Concerned about a pollutant that could contaminate drinking water and pose serious health risks, the Coalition to Prevent Westchester Airport Expansion laid out a series of recommendations to County Executive George Latimer and state government at a press conference on April 17 in Rye Brook.
Since 2018, the County has been conducting testing at several well sites at the airport and has hired an environmental consultant for guidance. Tests completed in September indicated extremely high levels of PFAS (polyfluoroalkyl substances) under the northern part of the airport, including 14,940 parts per trillion PFOA (perfluorooctanoic acid) and PFOS (perfluorooctane sulfonate) and 57,390 PFAS in the most contaminated well, according to the Coalition.
“We want a vibrant but limited county airport that is environmentally responsible,” Coalition Chairperson George Klein said last week. “We don’t want to close the airport.”
Klein said the recommendations are:
–Have the county approve legislation that would mandate airport water testing.
–Pass state legislation that would ban the PFAS firefighting foam, once the Federal Aviation Administration allows the county to do so. The current FAA policy is to mandate the storage of PFAS at airports for potential firefighting, Klein said.
–Have PFAS testing done by the Westchester Joint Waterworks.
–Create the position of and environmental airport “Czar.”
–End all privatization plans.
“The airport is located about 1,500 feet from the Kensico Reservoir, which is the source of drinking water for 80 percent of Westchester and 90 percent of New York City,” Klein said. “It is a critical waterbody.”
PFAS is a class of harmful chemicals which have been found in water sources in other parts of the country, including Newburgh, Klein said. “It can get into surface water and it can go into groundwater,” he said.
PFAS was previously used by the Air National Guard at the airport during its firefighting exercises, Klein said. The Guard left in 1983, but high concentrations of PFAS are still being measured at the airport, he said.
According to the Coalition, exposure to PFAS has been linked to serious health impacts, including cancer, thyroid disease and developmental effects to fetuses during pregnancy or to breastfed infants, liver damage and immune effects.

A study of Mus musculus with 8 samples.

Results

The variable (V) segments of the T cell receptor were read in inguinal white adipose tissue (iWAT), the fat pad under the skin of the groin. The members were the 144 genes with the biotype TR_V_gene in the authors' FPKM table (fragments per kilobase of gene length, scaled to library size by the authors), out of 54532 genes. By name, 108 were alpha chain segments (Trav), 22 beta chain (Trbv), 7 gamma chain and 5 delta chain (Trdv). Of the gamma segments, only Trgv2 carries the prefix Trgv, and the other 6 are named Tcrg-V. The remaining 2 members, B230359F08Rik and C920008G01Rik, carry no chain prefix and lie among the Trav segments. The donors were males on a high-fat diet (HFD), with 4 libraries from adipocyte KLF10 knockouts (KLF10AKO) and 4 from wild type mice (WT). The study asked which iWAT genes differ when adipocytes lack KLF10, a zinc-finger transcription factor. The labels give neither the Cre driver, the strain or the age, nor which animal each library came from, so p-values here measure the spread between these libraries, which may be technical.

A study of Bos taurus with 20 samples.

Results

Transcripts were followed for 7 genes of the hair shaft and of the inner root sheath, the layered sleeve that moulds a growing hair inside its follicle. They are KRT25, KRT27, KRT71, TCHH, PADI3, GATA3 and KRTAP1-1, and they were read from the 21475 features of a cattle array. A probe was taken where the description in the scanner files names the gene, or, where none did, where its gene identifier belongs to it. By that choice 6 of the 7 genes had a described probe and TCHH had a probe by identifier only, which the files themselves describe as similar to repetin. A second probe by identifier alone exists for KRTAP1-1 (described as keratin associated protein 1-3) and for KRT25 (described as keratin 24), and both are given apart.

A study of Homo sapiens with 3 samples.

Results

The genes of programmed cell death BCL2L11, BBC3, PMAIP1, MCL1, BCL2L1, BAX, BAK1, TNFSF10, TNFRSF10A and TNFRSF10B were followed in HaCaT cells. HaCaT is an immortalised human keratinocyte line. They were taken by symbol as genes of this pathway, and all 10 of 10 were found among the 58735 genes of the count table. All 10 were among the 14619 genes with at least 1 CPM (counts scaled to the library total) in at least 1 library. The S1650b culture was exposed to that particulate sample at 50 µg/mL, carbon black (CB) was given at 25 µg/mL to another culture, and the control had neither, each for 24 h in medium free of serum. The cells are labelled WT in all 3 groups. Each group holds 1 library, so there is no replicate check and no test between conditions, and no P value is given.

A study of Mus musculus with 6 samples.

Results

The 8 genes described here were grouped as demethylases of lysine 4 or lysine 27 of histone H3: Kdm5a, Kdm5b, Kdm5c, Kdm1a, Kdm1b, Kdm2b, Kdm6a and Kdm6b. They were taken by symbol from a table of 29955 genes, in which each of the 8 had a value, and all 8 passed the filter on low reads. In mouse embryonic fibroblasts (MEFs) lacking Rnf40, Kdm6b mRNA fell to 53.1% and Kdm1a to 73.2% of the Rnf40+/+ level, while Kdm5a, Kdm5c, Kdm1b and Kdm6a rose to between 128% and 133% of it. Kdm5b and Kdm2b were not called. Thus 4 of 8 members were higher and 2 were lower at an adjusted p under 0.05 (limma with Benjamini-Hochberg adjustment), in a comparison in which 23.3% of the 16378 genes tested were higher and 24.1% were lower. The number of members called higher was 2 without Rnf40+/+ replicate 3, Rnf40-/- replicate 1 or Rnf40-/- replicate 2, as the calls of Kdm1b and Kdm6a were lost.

“The county didn’t break it, but we want them to fix it,” Klein said, adding, “Westchester County government has done a hell of a lot to address this situation.” The county has resumed regular groundwater testing, which was suspended in 2011 under former County Executive Rob Astorino and the county, under Latimer, has brought in expert consultants “to deal with the situation,” Klein said.
On April 16 Latimer and County Attorney John Nonna held a press conference about contamination at the airport. County officials said they were committed to working with the DEC and New York City Department of Environmental Protection to protect drinking water. The company responsible for manufacturing PFAS is 3M, which the county is taking steps to sue.
Regarding the coalition’s recommendations, Nonna said the county is working on an an executive order and legislation to mandate permanent airport water testing. If that is in place, testing would not be left to the discretion of future administrations.
The county also is proposing to have PFAS testing done by the Westchester Joint Waterworks, a separate entity from county government, he said. However, the county has no authority to require it to do testing.
Nonna said a current county employee, who he declined to identify, performs the task of an airport “czar” and the administration did not want to create a separate position. Furthermore, any future decisions whether to pursue or abandon privatization would be up to Latimer.
Several elected public officials attended last week’s press conference including state Sen. Shelley Mayer (D-Yonkers) and Assemblyman David Buchwald (D-White Plains).
“DEC needs to continue to be a partner in this effort,” Mayer said. “David and I are very committed to pushing DEC to do all that they need to do and to be as effective a tester and an advocate as you need from the community standpoint.”
Meyer said she and Buchwald wrote a letter to the DEC about a year ago calling on the agency to be active and engaged in testing.
“When it comes to environmental protection, that’s really where the state has a role,” Buchwald said, In September, then-DEC Commissioner Basil Seggos stated that the monitoring would not only continue, but it would be expanded at the airport, Buchwald said.